Disease Clinical Pages
Heterozygous loss-of-function mutations in CASR give rise
to familial (benign) hypocalciuric hypercalcemia (FHH) in which the lifelong
hypercalcemia is generally asymptomatic. The characteristic symptoms and
complications afflicting patients with other forms of hypercalcemia appear not
to be a part of FHH. Affected individuals from some FHH kindreds may experience
pancreatitis, gall stones or chondrocalcinosis.
With respect to degree of hypercalcemia, the majority of
FHH patients are similar to patients with mild primary hyperparathyroidism. In
contrast to primary hyperparathyroid patients, those with FHH have serum
magnesium levels at the upper end of the normal range or slightly above. FHH
patients demonstrate inappropriately normal serum concentrations of parathyroid
hormone (PTH) despite hypercalcemia, indicative of the derangement in the blood
calcium sensing mechanism of the parathyroid. While the majority of primary
hyperparathyroid patients have clearly elevated circulating intact PTH,
diagnostic difficulties can arise in differentiating the ten percent of primary
hyperparathyroid patients with PTH levels at the upper limit of normal.
Another important characteristic of FHH is the unusually
high renal tubular reabsorption of calcium and magnesium in the face of
hypercalcemia. In the majority of FHH patients, the renal calcium/creatinine
clearance ratio is less than 0.01, while it is usually much higher in patients
with primary hyperparathyroidism and other hypercalcemic disorders. However,
occasionally affected members of some FHH families have hypercalciuria and/or
In FHH, in contrast to primary hyperparathyroidism, urine
concentrating ability is normal. The renal CASR may mediate the polyuria and
diminished urinary concentrating ability characteristic of hypercalcemia as seen
in primary hyperparathyroidism.
Before identification of FHH as a clinical entity distinct
from primary hyperparathyroidism, FHH patients often underwent
parathyroidectomy. In the vast majority of cases the patient remained
hypercalcemic, and the present consensus is that surgery is to be avoided if the
patient is asymptomatic. Moreover, the enhanced renal tubular reabsorption of
calcium persists following induction of hypoparathyroidism by total
parathyroidectomy, illustrating the fact that the abnormal renal handling of
calcium in FHH is independent of PTH.
Homozygous loss-of-function CASR mutations manifest as
neonatal severe hyperparathyroidism (NSHPT), a rare disorder characterized by
extreme hypercalcemia and the bony changes of hyperparathyroidism which occur in
infancy. The cases of NSHPT almost invariably have involved multiglandular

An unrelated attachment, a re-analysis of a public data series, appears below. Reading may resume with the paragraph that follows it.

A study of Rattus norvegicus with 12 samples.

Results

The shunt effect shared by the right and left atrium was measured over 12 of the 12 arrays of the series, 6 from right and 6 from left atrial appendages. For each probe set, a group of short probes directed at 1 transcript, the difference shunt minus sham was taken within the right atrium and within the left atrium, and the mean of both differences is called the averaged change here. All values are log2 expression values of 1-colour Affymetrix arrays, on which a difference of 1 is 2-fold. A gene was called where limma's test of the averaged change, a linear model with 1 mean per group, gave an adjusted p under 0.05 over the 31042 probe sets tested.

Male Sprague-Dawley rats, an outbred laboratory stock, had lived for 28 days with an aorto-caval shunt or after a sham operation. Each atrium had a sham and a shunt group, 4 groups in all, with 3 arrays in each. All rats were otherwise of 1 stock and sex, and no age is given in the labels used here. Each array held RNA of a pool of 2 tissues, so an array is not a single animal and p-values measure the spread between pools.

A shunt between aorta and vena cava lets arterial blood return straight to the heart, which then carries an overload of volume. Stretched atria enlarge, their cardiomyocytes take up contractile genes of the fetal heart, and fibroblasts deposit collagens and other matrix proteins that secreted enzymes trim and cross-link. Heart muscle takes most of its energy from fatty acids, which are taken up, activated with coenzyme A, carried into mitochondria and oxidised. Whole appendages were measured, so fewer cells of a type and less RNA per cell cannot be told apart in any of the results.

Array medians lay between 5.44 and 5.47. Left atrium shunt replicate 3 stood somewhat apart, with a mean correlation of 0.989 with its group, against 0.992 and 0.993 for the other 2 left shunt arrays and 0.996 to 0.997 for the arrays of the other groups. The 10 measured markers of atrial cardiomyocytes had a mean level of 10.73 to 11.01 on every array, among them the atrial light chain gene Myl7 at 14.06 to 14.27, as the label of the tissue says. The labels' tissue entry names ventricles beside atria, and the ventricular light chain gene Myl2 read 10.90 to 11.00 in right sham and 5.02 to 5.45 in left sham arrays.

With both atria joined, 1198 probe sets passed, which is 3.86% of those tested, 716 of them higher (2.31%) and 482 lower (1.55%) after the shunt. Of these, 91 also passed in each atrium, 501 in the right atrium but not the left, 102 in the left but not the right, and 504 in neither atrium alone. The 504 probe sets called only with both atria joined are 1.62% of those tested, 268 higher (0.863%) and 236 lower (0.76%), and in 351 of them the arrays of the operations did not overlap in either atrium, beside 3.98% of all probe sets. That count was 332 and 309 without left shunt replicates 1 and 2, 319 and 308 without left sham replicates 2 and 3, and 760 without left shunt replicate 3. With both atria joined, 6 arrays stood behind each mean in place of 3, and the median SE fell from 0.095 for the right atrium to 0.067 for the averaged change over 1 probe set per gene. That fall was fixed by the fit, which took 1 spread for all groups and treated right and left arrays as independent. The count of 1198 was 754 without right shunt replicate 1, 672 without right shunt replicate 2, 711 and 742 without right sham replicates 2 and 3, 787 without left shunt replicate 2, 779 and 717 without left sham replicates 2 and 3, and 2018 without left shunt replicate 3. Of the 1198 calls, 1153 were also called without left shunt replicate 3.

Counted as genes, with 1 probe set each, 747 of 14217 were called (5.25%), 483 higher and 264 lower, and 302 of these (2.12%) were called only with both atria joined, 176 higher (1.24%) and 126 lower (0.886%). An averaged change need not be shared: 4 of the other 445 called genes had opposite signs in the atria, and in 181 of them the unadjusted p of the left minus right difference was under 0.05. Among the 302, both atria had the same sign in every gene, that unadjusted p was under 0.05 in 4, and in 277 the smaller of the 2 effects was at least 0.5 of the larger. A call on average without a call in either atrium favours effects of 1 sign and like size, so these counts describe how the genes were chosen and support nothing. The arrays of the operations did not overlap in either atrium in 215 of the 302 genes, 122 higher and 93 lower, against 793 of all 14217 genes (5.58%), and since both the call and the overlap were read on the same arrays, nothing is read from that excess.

parathyroid hyperplasia rather than a single adenoma. If not treated by
parathyroidectomy, NSHPT can be a devastating neurodevelopmental disorder and is
often fatal. However, some forms of neonatal hyperparathyroidism, particularly
those due to de novo mutations of the CASR gene, present with milder, less
symptomatic disease that can be transient.
Activating mutations in the CASR gene have been identified
in several families previously diagnosed with autosomal dominant hypocalcemia
(ADH), autosomal dominant hypoparathyroidism, or hypocalcemic hypercalciura. In
the parathyroid gland, the activated CASR suppresses PTH secretion and in the
kidney it induces hypercalciuria which contributes to the hypocalcemia. In most
cases of ADH, a family history is clear, but de novo mutations are known. ADH
affected individuals may have mild hypocalcemia, and relatively few symptoms.
Seizures can occur, especially in younger patients, and these often happen
during febrile episodes due to intercurrent infection. Parathesias, tetany and
laryngospasm - other symptoms of hypocalcemia - are uncommon. There is a
tendency towards hyperphosphatemia, although serum phosphate may be normal.
Serum magnesium concentrations can be at the lower end of the normal range or
even subnormal in untreated patients.
Serum intact PTH levels are usually within the normal
range. Urinary calcium excretion is higher than in typical hypoparathyroid
patients, despite serum PTH levels being lower in hypoparathyroid patients than
in ADH-affected individuals. Because of the marked hypercalciuria, there is a
risk of other renal complications such as nephrocalcinosis, renal stones, and
impaired renal function. Renal tubular cells, excessively inhibited from
absorbing calcium by the overactive CASR, sustain the hypercalciuria. Thus
caution should be exercised to avoid overtreatment of ADH with Vitamin D (and
its metabolites) or calcium supplements.